Kara has fostered 6 children between the ages of 6 and 12 over the last 4 years.
Becoming a foster carer
Kara decided to become a foster carer to make a difference to other children in the local area, choosing Bradford Fostering due to the timing of our training courses.
Kara was worried about any possible false allegations from foster children which could be made against her. Although this is a rare occurrence, foster carers receive extensive support, including market-leading legal protection insurance, if the situation arises.
“My son has autism. His struggles made me want to make a difference to others.
I thought Bradford Fostering would have a wide range of ages and needs across the area.
The application process was long and deep, but my social support worker was fabulous and always available to answer questions.
My worries and concerns were discussed in full with my social worker and on training.”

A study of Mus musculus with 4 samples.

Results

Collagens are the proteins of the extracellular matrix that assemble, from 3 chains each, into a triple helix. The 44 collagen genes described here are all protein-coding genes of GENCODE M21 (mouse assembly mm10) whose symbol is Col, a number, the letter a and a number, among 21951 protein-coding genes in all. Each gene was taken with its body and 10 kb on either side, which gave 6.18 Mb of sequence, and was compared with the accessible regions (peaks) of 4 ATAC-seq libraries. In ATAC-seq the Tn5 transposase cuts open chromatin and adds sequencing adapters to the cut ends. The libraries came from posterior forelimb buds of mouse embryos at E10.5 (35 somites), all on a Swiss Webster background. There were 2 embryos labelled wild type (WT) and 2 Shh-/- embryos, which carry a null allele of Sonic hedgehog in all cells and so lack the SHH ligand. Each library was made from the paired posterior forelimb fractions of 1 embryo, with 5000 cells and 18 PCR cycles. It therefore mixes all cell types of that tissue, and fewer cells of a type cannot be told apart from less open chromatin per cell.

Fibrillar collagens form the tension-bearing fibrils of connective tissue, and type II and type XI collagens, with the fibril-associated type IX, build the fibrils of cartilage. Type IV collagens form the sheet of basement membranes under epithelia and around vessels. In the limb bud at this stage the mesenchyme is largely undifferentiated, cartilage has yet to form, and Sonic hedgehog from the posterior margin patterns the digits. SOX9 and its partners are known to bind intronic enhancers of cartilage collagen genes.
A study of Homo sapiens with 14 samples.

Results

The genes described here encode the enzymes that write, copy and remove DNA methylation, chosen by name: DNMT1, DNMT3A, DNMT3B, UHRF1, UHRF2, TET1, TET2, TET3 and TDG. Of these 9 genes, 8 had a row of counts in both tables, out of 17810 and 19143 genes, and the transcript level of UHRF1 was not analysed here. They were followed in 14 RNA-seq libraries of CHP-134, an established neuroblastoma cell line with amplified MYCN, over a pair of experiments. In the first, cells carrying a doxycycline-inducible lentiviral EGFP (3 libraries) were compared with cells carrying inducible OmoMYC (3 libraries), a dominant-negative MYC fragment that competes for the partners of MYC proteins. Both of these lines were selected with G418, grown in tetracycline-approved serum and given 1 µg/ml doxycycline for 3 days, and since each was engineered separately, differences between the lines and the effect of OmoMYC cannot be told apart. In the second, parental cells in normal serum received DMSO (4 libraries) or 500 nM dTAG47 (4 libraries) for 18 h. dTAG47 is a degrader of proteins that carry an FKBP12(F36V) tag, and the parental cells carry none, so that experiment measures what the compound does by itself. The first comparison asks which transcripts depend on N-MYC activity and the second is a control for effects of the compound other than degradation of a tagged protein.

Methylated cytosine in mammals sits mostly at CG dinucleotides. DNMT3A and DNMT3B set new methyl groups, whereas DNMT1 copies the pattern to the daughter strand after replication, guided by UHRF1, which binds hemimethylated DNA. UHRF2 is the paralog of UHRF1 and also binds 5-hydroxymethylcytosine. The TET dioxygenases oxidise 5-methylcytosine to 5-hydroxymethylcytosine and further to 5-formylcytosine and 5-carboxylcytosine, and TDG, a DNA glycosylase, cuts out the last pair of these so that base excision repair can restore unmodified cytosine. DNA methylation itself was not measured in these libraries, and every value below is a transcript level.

Life as a foster carer
Kara looks after foster children alongside her birth son, who is a child who fosters.
To help Kara and her family adjust to life as a foster family, she regularly takes part in training, including specialist courses about ADHD, CAMHS and PREP.
“The training courses have helped me to be more open minded about what some children may have gone through before they come to me.
I have to make sure I share myself between my own children and the foster children, but there is always help a phone call away.
The most rewarding thing about being a foster carer is seeing the smiles and laughter from the children I support and knowing that they enjoy coming here.
Most of my foster children didn't want their placements to end.”
What advice would you give to potential foster carers?
“You need to do it for love, not money. You need to be accepting, non-judgemental and open minded.”